Winemaking can be an extremely satisfying activity and hobby with a wonderful end result that also makes for wonderful gifts. If you have already experimented with brewing ales and beers you may already be familiar with many of the steps associated with the process of making wine. Winemaking is generally the next step for many home brewers. If you have already done some brewing at home, you probably already own much of the equipment that is required and are familiar with the patience and cleanliness that are required in the process.
If this is a completely new process to you; however, and you have not previously done any home brewing then it is important to make sure you understand the role of both patience and cleanliness in the process of successful winemaking.
Cleanliness is one of the most important steps of making wine. If your work area and equipment are not clean you will find that you encounter innumerable problems in the process and the end result will not be successful. One of the keys to producing good wine is to make sure that your equipment as well as your work area is kept very clean and sterile.
Before you begin any new batch of wine you will want to make sure that your equipment has been cleaned and sanitized thoroughly. The most common cause of homemade wine becoming contaminated is equipment that has been poorly cleaned. In fact, it has been estimated that as much as 90% of failures in winemaking can be attributed to poor sanitation.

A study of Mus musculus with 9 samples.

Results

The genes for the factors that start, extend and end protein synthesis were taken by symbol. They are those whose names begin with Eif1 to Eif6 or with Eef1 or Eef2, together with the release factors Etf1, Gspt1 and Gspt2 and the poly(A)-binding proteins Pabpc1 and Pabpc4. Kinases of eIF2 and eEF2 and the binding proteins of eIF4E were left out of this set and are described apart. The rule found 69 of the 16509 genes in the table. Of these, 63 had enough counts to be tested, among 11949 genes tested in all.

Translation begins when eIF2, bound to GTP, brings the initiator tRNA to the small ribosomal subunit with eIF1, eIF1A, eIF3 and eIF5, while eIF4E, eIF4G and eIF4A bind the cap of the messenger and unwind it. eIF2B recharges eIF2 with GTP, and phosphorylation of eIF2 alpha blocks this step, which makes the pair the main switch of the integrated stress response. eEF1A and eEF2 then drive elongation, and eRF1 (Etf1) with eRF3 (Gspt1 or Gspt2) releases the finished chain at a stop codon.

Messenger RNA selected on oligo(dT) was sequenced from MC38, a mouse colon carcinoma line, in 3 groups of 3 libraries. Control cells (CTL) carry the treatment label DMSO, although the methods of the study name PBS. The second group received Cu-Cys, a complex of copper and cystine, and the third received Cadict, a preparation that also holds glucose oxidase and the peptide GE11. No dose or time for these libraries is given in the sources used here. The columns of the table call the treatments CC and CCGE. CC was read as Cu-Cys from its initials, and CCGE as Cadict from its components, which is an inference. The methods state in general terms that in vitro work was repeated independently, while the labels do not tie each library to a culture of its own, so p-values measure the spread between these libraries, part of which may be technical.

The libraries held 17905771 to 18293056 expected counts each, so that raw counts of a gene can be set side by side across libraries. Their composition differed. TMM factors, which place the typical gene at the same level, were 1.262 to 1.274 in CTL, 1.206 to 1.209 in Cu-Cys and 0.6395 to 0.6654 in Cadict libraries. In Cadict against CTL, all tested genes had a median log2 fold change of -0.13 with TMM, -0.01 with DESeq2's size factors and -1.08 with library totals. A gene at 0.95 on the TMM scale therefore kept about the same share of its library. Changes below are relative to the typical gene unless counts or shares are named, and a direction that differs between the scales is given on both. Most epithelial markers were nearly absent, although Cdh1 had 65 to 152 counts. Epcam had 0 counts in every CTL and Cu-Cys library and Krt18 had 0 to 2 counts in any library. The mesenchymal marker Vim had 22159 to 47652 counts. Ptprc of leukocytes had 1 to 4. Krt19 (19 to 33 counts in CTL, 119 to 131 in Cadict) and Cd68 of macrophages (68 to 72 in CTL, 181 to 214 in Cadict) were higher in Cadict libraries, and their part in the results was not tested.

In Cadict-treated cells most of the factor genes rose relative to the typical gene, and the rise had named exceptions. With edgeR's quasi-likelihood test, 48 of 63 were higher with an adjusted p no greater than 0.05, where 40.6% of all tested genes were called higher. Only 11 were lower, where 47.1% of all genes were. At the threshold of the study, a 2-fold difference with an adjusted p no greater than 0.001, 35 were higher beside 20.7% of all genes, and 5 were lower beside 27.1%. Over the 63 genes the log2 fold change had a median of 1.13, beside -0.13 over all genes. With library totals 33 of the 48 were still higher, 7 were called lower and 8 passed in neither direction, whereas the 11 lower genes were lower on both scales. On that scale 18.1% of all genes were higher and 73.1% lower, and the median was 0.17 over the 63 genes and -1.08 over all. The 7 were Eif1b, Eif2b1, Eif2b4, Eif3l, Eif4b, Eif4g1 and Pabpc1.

To avoid this problem, make sure that you sanitize all of your equipment that will touch either the juice or the wine. This can be easily done by rinsing all equipment using a solution of MetaBisulfate. Potassium MetaBisulfate is an active ingredient that is used in Campden tablets; a compound that is frequently used for sanitizing brewing equipment.
Place 3 tablespoons of the compound into a 1-liter container of hot water. If the container is kept tightly sealed and stored at room temperature, the cleaning solution should last up to six months. Using the solution, make sure all equipment is rinsed thoroughly. Next, rinse all equipment with cold water.
Make sure you take the time to clean all equipment before you store it as well as before you take it out of storage before each use. This will help you to avoid any contamination problems and assure that your equipment lasts as long as possible.
In addition, patience is quite important as well. One of the most common mistakes of many new winemakers is a lack of patience. They want to rush through the steps and as a result discover that their wine is not all that it could be. Remember that just because wine is ready to bottle that does not necessarily mean that it is ready to drink. While it is common to be anxious to drink your homemade wine, waiting is well worth the effort. At a minimum, it is usually about a month from the time your wine is bottled before it will be ready to sample. Generally; however, you should wait at least six months before your wines will have developed sufficient character and be ready for drinking. For heavy reds, be prepared to wait at least a year for the wine to improve. While waiting may be difficult, you can be assured that it will be rewarded with a bouquet that is absolutely delicious.